Another concept that Salesforce developers have to grasp is that of abstraction.
Abstraction of the underlying multitenant architecture is what gives each individual Salesforce customer the freedom to customize an instance of Salesforce and make it their own.
Not to oversimplify, but Salesforce is essentially a massive Java application sitting on top of a massive Oracle database.
This does not do the beauty and power of the underlying multi-tenant architecture justice, but for the sake of learning how the platform works, all we need to know is that Salesforce is a large scale web application built on a large scale relational database.
Why don’t we need to know specifics about the complex inner-workings of the Salesforce platform infrastructure? Because the details don’t matter.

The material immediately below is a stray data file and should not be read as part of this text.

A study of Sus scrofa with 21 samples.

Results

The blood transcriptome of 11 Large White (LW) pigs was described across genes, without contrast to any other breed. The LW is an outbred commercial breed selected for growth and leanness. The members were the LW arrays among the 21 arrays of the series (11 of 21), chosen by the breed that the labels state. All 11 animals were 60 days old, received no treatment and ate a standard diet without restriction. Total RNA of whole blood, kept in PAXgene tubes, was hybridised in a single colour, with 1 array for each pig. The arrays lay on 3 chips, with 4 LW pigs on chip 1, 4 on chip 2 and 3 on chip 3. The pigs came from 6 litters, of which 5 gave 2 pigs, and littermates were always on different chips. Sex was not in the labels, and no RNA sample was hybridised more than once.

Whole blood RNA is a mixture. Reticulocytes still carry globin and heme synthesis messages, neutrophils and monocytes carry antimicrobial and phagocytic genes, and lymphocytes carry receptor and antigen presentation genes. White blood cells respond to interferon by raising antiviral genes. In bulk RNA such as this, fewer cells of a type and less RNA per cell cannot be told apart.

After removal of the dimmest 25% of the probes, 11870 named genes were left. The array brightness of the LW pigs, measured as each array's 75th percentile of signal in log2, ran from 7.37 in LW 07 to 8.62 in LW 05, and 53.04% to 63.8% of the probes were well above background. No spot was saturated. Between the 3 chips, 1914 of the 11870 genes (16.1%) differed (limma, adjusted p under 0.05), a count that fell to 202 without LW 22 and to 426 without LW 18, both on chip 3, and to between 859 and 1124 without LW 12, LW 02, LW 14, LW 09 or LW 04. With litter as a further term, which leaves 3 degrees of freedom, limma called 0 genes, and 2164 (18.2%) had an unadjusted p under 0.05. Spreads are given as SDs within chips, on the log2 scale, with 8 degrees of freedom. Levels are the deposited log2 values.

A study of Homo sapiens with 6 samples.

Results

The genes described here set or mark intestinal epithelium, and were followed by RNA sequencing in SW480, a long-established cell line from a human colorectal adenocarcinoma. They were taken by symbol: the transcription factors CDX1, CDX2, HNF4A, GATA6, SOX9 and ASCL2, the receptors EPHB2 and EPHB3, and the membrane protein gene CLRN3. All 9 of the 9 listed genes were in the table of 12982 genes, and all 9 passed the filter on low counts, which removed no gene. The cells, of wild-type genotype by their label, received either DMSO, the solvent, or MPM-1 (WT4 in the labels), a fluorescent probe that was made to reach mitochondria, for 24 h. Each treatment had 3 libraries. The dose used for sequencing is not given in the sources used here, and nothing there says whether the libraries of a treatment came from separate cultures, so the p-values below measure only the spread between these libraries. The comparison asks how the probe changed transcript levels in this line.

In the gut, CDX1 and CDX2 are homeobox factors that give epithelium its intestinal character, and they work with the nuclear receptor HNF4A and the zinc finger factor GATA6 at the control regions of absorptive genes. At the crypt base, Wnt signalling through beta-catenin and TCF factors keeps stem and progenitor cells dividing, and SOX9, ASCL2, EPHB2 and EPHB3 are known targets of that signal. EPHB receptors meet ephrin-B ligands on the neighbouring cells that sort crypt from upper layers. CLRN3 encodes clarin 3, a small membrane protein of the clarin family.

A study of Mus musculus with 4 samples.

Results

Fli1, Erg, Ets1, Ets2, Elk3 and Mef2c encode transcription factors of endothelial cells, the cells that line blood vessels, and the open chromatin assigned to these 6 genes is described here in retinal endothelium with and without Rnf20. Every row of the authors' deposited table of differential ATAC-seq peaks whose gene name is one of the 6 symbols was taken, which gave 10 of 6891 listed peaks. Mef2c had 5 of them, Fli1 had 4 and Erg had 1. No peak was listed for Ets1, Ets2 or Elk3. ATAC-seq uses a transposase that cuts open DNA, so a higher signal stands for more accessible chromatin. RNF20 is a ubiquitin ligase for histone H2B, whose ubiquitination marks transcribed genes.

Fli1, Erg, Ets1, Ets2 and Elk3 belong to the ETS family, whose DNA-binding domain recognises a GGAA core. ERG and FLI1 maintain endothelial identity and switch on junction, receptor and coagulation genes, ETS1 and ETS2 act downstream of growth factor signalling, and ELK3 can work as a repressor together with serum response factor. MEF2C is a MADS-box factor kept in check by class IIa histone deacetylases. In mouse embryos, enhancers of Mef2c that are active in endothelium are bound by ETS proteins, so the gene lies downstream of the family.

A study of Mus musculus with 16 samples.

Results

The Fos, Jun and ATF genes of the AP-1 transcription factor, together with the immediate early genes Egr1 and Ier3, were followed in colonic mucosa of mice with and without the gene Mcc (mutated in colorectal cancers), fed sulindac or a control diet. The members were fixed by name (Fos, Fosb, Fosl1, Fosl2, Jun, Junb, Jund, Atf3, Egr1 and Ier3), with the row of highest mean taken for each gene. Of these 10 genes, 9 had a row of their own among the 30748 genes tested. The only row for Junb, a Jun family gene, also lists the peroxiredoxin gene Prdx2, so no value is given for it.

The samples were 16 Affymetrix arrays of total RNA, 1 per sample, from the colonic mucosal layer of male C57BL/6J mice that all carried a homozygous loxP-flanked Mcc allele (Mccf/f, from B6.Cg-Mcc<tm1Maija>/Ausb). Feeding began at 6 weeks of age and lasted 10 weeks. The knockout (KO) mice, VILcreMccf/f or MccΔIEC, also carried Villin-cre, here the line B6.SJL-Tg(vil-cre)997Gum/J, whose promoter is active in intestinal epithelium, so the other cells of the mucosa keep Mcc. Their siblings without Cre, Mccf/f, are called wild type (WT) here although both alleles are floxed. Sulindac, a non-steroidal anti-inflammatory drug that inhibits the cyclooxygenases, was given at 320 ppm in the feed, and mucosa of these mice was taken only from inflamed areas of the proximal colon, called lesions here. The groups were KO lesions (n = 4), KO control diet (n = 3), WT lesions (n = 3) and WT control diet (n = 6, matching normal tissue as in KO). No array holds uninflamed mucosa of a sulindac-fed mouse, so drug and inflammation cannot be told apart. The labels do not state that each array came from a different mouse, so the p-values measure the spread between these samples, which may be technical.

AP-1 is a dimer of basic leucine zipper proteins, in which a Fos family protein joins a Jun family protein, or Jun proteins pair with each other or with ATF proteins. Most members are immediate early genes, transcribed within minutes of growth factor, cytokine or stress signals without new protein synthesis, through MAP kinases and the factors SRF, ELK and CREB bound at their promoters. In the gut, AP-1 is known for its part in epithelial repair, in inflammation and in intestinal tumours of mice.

What type of server hardware does Salesforce use? It doesn’t matter. What flavor of UNIX does Salesforce run on? It doesn’t matter.
The only thing we as developers need to know is that we never get direct access to infrastructure resources – all requests for access to processing, memory, network and database resources have to be passed through the Lightning Platform.
The Lightning Platform is an abstraction of its underlying infrastructure, and our job as Salesforce developers is to learn how to design, build and deploy procedures and applications that leverage the capabilities of the platform in an optimal and effective manner.
We can’t just “throw hardware” at code problems anymore. We have to write code that makes the most effective use of the resources that we are given.